MOSCOW, SEPT. 8 -- Should the United States provide economic aid to the Soviet Union?

As part of their meeting in Helsinki Sunday on the Persian Gulf crisis, Soviet President Mikhail Gorbachev and President Bush are expected to discuss Soviet economic reform and possible U.S. aid. The most troubling questions about aid -- whom to help and who benefits -- are being debated both in Washington and in Moscow.

Some officials have urged aid for the Soviet economy. Others have suggested investing in the economies of individual Soviet republics. Still others have cited potential pitfalls and recommended caution.

A radical economic program authored by Stanislav Shatalin, Gorbachev's closest economic adviser on his presidential council, raises the possibility of foreign investment and even a "Marshall Plan" of $10 billion to $20 billion in Western aid to the Soviet Union. Such aid, Shatalin writes, could come in the form of food shipments, credits to companies or support to the government.

Shatalin said in an interview that he is aware the West is afraid of "pouring money down a hole," but he argued that the West would be well-advised to take risks and help develop the "vast" Soviet market.

"Don't fear our market -- just be careful. If your nerves are weak, buy pills, because you'll have to be patient to deal with us," Shatalin said. "And remember, he who does not take a risk never gets to drink champagne."

According to Soviet sources, Gorbachev hopes that the United States will, like West Germany, provide billions of dollars in aid or loans with favorable conditions. In return for Moscow's agreement not to obstruct German unification, Bonn has offered to provide credits and other assistance to the Soviet Union.

When Gorbachev spoke to Bush by phone after last July's meeting of Western leaders in Houston, the Soviet leader said his nation can "survive on its own," but could carry out reforms more quickly with foreign help, the sources said.

Before leaving for Helsinki, Gorbachev met Shatalin, Prime Minister Nikolai Ryzhkov and other key economic advisers in an attempt to reconcile alternate reform plans. Secretary of State James A. Baker III is expected to review the state of Soviet economic reforms when he comes here after the summit conference.

In just the three months since the last U.S.-Soviet summit meeting in Washington, Soviet economic issues -- indeed, the shape of Soviet politics -- have changed dramatically, with Gorbachev struggling to forge a center-left coalition with Russian republic President Boris Yeltsin and with the emergence of a radical economic-reform package known as "500 Days," or the "Shatalin Plan."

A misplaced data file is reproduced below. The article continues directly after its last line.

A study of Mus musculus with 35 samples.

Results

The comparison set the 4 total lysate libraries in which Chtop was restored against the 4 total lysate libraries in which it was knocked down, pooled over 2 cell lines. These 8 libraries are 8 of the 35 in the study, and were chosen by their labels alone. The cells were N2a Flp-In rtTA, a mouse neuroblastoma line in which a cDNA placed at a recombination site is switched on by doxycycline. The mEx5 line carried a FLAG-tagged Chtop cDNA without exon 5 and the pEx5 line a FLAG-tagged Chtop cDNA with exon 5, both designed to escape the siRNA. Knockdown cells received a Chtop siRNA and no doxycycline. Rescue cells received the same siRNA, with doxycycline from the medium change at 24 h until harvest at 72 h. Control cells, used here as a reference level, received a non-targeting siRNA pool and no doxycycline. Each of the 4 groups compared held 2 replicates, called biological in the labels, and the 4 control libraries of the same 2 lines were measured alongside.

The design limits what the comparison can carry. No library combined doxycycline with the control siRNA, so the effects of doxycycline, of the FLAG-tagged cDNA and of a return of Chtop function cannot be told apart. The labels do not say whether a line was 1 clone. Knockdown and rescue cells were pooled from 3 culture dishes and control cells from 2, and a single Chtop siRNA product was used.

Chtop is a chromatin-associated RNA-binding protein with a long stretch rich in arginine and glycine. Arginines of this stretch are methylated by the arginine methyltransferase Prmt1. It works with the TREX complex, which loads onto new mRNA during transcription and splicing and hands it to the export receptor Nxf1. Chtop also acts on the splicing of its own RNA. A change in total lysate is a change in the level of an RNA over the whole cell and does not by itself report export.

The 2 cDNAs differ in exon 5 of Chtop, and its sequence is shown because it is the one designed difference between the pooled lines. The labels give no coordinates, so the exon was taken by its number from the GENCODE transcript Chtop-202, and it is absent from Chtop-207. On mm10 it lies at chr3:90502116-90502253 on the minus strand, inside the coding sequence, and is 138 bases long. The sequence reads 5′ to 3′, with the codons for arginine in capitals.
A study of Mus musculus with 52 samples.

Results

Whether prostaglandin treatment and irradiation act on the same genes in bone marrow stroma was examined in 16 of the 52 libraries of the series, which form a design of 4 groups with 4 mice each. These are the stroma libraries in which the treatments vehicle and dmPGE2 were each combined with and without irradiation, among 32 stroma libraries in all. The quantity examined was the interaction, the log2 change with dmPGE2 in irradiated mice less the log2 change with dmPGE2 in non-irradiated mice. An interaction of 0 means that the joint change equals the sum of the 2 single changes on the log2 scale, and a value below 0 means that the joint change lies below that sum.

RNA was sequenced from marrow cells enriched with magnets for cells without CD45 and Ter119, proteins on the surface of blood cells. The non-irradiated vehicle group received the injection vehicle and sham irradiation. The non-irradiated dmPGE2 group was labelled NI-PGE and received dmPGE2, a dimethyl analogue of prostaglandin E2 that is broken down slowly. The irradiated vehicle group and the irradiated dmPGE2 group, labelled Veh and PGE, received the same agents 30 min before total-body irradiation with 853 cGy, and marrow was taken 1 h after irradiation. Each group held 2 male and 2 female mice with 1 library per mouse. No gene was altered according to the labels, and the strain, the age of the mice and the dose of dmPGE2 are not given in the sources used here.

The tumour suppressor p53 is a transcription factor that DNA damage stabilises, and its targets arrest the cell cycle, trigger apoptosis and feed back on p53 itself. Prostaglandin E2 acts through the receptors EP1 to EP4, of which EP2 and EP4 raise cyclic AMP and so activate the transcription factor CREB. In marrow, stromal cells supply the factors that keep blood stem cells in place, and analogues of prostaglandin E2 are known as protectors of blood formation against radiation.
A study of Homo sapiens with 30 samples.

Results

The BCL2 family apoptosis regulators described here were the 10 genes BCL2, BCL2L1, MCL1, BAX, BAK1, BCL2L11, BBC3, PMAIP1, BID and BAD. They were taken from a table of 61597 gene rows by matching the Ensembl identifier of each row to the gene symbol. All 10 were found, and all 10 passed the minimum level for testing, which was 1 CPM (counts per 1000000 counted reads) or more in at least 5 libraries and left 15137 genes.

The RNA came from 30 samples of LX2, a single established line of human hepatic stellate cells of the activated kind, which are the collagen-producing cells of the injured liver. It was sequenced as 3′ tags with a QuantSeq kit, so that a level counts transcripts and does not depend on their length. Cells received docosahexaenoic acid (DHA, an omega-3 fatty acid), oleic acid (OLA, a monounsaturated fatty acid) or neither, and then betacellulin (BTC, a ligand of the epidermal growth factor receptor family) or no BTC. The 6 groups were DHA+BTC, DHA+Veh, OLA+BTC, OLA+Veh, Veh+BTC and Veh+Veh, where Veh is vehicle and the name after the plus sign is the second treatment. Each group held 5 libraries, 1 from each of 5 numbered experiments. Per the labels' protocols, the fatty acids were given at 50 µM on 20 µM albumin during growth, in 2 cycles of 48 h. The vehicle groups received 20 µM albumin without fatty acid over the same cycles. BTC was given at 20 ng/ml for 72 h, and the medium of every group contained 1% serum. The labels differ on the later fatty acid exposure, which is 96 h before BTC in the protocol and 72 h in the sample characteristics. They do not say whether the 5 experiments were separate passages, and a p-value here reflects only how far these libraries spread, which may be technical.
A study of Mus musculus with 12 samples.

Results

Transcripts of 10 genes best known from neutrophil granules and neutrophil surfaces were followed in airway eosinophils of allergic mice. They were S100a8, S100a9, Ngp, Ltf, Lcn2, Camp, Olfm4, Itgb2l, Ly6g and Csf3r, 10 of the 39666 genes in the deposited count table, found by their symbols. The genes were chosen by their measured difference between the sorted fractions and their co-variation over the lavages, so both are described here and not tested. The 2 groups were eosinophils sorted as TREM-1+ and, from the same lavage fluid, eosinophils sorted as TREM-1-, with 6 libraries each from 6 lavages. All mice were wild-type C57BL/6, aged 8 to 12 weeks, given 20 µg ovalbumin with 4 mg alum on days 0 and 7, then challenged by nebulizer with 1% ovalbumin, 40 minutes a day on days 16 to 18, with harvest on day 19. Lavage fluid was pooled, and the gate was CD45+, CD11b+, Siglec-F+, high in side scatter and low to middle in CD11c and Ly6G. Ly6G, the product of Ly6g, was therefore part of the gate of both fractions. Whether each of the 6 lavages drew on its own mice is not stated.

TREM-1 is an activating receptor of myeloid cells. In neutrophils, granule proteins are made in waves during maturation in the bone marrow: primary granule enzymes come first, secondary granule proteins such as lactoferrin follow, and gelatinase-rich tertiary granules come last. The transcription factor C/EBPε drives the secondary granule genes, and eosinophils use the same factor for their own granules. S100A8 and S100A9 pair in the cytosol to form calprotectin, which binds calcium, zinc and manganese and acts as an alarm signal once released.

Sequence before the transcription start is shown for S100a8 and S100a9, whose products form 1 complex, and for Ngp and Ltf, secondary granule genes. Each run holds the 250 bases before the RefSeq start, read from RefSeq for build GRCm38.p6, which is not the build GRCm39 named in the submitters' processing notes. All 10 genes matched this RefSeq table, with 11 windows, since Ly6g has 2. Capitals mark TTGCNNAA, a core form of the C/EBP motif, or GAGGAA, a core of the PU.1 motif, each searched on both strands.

Following the lead of rebellious Baltic republics, Russia, Moldavia, the Ukraine, Armenia and other republics issued declarations of sovereignty or independence from Moscow this summer and have challenged the Stalinist system of centralized economic planning and authority that has been in place for more than a half-century.

But the republics' actions -- their insistence that they, and not Moscow, have the right to control their resources and economic relations -- have led to confusion in other countries.

"Foreign business people and politicians are forever coming here and saying it's hard enough deciding whether to do business with us, but it's even harder to know with whom. Whom to help? Whom to invest in? Those are the key questions," said Mikhail Bocharov, a member of the Supreme Soviet, the nation's standing legislature, and chairman of the Russian legislature's economics council.

Bocharov argued that Westerners should ignore the Soviet economy, which he termed "a collapsed structure," and invest instead in the economies of individual Soviet republics. He is an unabashed booster of the Russian republic, sounding at times like the head of a chamber of commerce. For Western investors, he said, Russia's greatest advantage is a "huge pool of cheap labor."

"We can be as productive and cheap as Taiwan. That's it," Bocharov said, warming to the pitch. "We're a gigantic Taiwan."

But there are Soviet economists who have little of Shatalin's cool faith or Bocharov's exuberant boosterism. They fear that during the initial stages of Soviet moves toward a free-market system, the West may run the risk of doing little more than propping up old structures and filling the pockets of regional Communist Party apparatchiks who want to preserve the old system and their traditional privileges.

A new collection of essays by radical economists begins with an open letter from an ordinary Russian, Leonid Kolevtov, who counsels Western leaders: "Don't give {the Soviet leadership} money! If you really wish to see us free someday (and you say you do), if you want to get rid of wars -- do not give money to our rulers!"

Larissa Piyasheva, a radical economist, argued in an essay that Western grain sales to the Soviet Union make it easier for the Soviets to ignore the need for private and family farming. Unless the Soviet Union "gives appropriate guarantees and makes real steps towards privatization and free enterprise," she contends, "no loans or most-favored nation status should be given to the U.S.S.R."

The picture appears as clouded for business people as for the Bush administration. Jan Vanous, who heads a Washington-based consulting firm, PlanEcon, says that because of confusion stemming from recent Soviet shifts in power, he has cautioned investors. "First, I say stick to the republics and forget the all-union {Soviet} economy," Vanous said. "But even that is a big risk. For now, I'd rather see them invest in Eastern Europe."